When cities are struck by a natural disaster millions of people's lives can be disrupted and the economic impact can be quite considerable.
Swiss Re's publication, Mind the Risk: A global ranking of cities under threat from natural disasters, provides a risk index comparing the human and economic exposure of 616 cities around the globe. The study is a basis for decision-makers, as well as the insurance industry and the broader public to promote dialogue on urban resilience.
"Already today, major river floods alone have the potential to affect 380 million people living in cities; and some 280 million people could be impacted by severe earthquakes," says Matthias Weber, Group Chief Underwriting Officer at Swiss Re.
"We need to better understand what makes cities more resilient and what decisions about investments and infrastructure are needed to minimise the loss of life, property and economic production."
Drawing on data in Swiss Re's CatNet tool and modelling know-how, this report demonstrates that coastal cities in Asia are especially at risk of catastrophic floods, storms, storm surges, earthquakes or tsunamis.
For example about 29 million people in the Tokyo-Yokohama region could be affected by a major earthquake.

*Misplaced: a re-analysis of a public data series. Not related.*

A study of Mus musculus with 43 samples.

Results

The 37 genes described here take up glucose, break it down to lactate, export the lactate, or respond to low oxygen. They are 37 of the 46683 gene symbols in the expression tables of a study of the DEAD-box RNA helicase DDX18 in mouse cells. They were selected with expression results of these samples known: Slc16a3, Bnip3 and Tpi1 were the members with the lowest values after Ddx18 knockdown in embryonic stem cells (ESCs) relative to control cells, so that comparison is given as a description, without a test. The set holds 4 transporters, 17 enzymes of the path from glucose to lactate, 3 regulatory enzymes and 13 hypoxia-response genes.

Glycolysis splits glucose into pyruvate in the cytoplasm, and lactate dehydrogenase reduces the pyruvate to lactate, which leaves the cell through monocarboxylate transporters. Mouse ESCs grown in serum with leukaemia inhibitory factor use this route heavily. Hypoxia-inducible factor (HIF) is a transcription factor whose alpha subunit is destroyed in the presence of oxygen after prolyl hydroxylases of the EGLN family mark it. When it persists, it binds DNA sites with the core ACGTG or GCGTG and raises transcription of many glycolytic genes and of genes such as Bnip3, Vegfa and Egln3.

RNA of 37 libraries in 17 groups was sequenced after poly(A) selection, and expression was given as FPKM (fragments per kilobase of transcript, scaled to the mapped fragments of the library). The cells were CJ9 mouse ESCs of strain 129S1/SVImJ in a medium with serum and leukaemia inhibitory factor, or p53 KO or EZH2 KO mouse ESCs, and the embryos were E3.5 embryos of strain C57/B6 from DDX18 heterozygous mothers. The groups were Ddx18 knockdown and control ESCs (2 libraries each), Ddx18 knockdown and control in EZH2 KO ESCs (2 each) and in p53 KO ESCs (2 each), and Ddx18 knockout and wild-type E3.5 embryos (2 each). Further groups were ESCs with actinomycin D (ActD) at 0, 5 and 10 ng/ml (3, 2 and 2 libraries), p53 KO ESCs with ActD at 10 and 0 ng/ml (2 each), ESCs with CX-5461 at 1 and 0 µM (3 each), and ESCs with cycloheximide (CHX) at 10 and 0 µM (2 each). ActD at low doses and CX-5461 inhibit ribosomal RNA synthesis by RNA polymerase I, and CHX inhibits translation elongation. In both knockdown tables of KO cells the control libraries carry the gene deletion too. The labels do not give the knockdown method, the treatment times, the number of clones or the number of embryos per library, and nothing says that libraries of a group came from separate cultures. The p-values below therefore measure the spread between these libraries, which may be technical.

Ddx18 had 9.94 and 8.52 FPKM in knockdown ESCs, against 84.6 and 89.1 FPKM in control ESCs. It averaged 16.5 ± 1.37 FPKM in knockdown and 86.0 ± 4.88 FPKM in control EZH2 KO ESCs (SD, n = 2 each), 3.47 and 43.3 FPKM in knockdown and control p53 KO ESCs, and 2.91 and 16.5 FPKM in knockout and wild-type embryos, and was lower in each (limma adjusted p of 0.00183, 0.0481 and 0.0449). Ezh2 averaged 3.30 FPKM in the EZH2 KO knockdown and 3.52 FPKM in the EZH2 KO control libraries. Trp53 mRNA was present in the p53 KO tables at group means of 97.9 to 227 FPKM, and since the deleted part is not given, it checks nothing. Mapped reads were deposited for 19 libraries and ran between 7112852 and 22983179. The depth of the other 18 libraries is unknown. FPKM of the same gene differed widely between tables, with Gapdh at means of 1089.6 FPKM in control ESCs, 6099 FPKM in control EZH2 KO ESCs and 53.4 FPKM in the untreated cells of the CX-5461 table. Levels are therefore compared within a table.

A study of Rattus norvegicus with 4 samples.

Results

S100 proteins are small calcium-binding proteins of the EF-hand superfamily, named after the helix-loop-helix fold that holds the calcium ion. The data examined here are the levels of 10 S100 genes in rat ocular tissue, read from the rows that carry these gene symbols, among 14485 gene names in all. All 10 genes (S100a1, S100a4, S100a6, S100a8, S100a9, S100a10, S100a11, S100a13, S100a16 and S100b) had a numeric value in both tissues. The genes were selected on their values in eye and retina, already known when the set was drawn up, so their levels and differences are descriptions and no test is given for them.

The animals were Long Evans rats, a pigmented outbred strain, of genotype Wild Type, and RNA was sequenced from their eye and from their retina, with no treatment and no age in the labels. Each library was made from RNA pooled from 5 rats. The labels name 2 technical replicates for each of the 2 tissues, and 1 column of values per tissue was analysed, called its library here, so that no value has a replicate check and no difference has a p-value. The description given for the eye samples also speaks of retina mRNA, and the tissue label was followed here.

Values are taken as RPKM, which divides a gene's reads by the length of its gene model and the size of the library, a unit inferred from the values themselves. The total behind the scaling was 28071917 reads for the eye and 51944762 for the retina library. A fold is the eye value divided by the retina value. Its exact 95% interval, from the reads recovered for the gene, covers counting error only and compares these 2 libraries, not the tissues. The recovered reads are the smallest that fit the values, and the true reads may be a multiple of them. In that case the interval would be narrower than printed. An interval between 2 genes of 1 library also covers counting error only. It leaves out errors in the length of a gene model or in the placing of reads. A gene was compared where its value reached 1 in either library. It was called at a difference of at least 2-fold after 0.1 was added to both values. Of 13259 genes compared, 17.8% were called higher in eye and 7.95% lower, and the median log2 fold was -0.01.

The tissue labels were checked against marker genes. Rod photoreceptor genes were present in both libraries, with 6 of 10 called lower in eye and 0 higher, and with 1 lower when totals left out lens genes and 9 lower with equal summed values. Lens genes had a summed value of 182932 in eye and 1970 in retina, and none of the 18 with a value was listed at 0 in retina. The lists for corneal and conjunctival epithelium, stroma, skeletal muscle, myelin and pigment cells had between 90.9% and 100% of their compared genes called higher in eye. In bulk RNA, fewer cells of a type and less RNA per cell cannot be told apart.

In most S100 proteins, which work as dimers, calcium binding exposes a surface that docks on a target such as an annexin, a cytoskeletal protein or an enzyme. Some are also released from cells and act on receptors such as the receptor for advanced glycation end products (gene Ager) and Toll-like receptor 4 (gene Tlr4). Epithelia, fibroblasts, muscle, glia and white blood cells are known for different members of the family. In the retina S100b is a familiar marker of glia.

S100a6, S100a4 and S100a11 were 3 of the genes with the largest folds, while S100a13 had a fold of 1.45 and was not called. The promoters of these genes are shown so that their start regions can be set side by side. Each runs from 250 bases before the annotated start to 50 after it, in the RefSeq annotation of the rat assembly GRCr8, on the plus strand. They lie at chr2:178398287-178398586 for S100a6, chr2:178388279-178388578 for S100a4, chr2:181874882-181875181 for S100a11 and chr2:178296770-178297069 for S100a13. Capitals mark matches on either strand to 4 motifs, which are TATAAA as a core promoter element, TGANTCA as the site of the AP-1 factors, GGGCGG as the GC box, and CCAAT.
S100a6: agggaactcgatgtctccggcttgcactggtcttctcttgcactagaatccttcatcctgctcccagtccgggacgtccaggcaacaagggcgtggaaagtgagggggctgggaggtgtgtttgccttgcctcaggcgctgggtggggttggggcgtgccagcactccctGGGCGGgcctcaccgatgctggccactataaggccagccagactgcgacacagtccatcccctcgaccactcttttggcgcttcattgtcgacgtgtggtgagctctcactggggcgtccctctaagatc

Considering all perils it is the world's most exposed urban area, followed by Manila and the Pearl River Delta in China. Outside Asia, Los Angeles is the highest ranked city (9th globally).
When essential infrastructure breaks down and people can no longer get to work, natural catastrophes can significantly disrupt the local and national economy.
The report finds that metropolitan areas such as Tokyo, Los Angeles, New York and Amsterdam-Rotterdam rank high in terms of potential lost productivity, measured by the value of working days lost. For example, the report shows that while a devastating earthquake in Los Angeles could affect just as many people as in Jakarta, the resulting value of working days lost would be 25 times higher.
Although potential economic losses in these cities are relatively modest, their importance as national centres of production places them among the top ten riskiest cities when measured by the expected fallout for their home countries.
Across the metropolitan areas studied, river flooding poses by far the largest risk. India and China have the most people exposed to flooding. However, the economic loss potential from river flooding pushes European cities such as Amsterdam-Rotterdam, Paris, Milan and London higher in the rankings.